Sunday, March 17, 2013

Health Insurance Strategy

Update 3/16/2014: I'm no longer using the strategy discussed in the post below, but am keeping it here for reference. I think it was a good idea until the 'Affordable Health Care Act' kicked in. Here's my latest health insurance strategy.


Since health insurance costs are becoming one of the more significant monthly expenditures these days, I thought it was necessary to spend quite a bit of time figuring out how to optimize it for myself. The ultimate goal is to have freedom to spend my time in a way I think is valuable, but that costs a certain amount per month (with Food and Health Care costs being a primary factor).

Even with a high deductible health insurance plan, when I was working at a corporate job, my company was paying $350 per month (for a service I was essentially not even using). Prior to offering high deductible plans, my company was paying over $600 per month which is a staggering sum (and much higher for families). Since I have stepped out on my own this year and have a limited amount of time to reach critical mass (ie: income > expenses), getting health-related costs under control has been a top priority.

Until recently, I had thought many common health calamities were random, but now strongly suspect our food choices directly effect our health (although it may take 3 months to 3 yrs to notice the effects). I spent quite a bit of time optimizing my food strategy to setup what I think is a high probability plan for eliminating chronic health expenditures (described these strategies in my 'Health' Topic blog posts). The financial intent of all of this is to setup my insurance for catastrophic coverage ONLY. In other words, high deductible insurance policies.

I've bought a $10,000 yearly deductible insurance policy from my state Blue Cross, Blue Shield insurance provider. There is an additional $7,000 yearly deductible for a percentage additional costs. It's essentially a $17,000 yearly deductible for $71 per month. Now, $17,000 is a huge expense, and it is intended to cover only acute trauma situations. Needless to say, I hope I never need to use it. Considering that, $71 per month is a hefty fee, but it's what I thought was responsible to do in case my health strategy doesn't work as expected, or in case of disaster. Please do let me know if you are aware of potentially better options!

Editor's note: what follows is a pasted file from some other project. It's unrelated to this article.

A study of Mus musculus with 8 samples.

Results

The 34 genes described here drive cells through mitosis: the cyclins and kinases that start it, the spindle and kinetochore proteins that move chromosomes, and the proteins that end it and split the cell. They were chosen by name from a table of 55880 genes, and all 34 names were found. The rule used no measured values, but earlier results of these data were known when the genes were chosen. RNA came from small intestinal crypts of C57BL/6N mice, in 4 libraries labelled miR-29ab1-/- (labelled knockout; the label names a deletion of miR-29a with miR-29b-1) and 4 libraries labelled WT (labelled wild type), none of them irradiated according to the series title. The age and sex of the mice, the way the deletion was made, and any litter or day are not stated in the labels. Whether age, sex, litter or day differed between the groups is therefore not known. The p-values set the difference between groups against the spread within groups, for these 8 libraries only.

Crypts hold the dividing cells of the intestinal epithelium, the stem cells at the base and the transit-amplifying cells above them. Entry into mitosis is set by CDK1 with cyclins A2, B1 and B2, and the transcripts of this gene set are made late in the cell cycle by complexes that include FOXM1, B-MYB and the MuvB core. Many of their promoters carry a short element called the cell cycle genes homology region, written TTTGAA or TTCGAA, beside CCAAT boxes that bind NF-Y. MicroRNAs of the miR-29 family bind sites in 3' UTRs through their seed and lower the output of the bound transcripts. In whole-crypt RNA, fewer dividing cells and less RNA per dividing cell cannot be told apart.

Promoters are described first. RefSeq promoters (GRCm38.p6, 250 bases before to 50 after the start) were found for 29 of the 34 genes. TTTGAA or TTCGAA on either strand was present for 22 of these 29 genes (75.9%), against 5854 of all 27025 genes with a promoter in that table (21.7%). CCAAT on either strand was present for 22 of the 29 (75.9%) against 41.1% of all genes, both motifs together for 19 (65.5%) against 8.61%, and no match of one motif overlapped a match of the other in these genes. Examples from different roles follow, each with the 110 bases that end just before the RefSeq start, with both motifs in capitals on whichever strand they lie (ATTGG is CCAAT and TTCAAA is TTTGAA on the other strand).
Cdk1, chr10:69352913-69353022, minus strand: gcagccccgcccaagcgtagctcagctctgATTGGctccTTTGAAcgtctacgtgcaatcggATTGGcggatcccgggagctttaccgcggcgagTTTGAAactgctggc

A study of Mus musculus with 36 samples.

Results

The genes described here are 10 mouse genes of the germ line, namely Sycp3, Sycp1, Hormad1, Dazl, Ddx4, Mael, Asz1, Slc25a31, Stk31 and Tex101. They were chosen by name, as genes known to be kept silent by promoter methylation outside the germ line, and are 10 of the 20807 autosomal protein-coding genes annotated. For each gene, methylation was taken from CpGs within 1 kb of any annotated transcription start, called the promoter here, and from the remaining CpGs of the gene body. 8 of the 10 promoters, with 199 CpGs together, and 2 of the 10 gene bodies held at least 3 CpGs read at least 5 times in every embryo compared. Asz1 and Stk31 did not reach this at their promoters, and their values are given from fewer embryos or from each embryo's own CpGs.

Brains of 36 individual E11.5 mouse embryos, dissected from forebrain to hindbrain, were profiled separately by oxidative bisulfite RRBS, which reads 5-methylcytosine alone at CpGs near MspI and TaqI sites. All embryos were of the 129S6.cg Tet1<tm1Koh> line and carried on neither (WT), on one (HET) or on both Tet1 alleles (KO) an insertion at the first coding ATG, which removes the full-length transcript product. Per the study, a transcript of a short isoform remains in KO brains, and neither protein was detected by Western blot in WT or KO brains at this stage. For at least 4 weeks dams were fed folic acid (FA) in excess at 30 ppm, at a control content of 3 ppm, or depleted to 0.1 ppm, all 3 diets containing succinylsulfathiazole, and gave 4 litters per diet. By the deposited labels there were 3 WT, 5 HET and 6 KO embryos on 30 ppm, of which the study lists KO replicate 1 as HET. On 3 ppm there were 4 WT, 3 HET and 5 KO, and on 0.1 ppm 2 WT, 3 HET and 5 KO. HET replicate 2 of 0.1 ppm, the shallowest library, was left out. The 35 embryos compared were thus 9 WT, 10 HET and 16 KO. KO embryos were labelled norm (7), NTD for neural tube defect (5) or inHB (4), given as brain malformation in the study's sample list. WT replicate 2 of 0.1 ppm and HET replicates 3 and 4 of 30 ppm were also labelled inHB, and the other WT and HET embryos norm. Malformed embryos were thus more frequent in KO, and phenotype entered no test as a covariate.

Essentially, all medical costs are out of pocket.A slight upside: I have found though that if you offer to pay for expenses in cash, many medical offices will offer a discount (one was 30% off!). Sounds like medical offices incur major costs of time and expense dealing with insurance companies too.

So back to my scenario: that's a difference of $529 per month (normal health care cost: $600 vs high deductible: $71).  Running the numbers, I'm essentially betting that I can go for 32 months (about 3 years) saving the difference between premium costs of normal vs high deductible policies and come out ahead. That is, I have the money at the end of that time period instead of the insurance company or medical providers.

So here's the summary of my health insurance strategy:
  • Increase my odds that I will not need chronic health care costs. 
  • Buy a High Deductible health insurance plan to cover acute trauma 
    • (which I hope I never need to use)

For my monthly budget, I've combined food costs and health insurance as my overall monthly 'Health' expenses. In my opinion, I've decided it's a prudent investment to spend a portion of that $529 insurance price difference buying specific higher quality foods and pocketing the rest.

I think of financial freedom as a net win of offence (income) vs defense (expenditures). Playing offense is one thing, but the idea here is that you don't have to score as many points if your defense can keep costs to a minimum. I've extended this idea to all other fixed expenses as well, but I've focused on health insurance for this post since it has such a low return on investment (in my opinion). Finding a reasonable way to drastically reduce that $600 a month for health insurance was a huge step to bolster my financial defense strategy. This process has been a key step to setup my attempt at financial freedom. It's all about optimizing resources and probabilities.

I'm just a random person describing my strategy, but I hope this info about what I'm trying helps you see what possibilities might be available for you!


  1. “Prevention is better than cure” is one way to look at it. By eating healthy, your body remains healthy and in not much need for insurance coverage for common health calamities. I say dropping other insurance plans and looking for a high deductible plan that covers acute trauma is a good strategy. Thanks for sharing, Laura!

  2. Yeah, exactly - that's a great way to put it. Thanks! It seems to me like the optimal long term strategy.

  3. “It's all about optimizing resources and probabilities.”—This passage speaks volumes, Laura. Learning how to customize your resources is really a good thing. It can keep you from having problems when it comes to financial matters.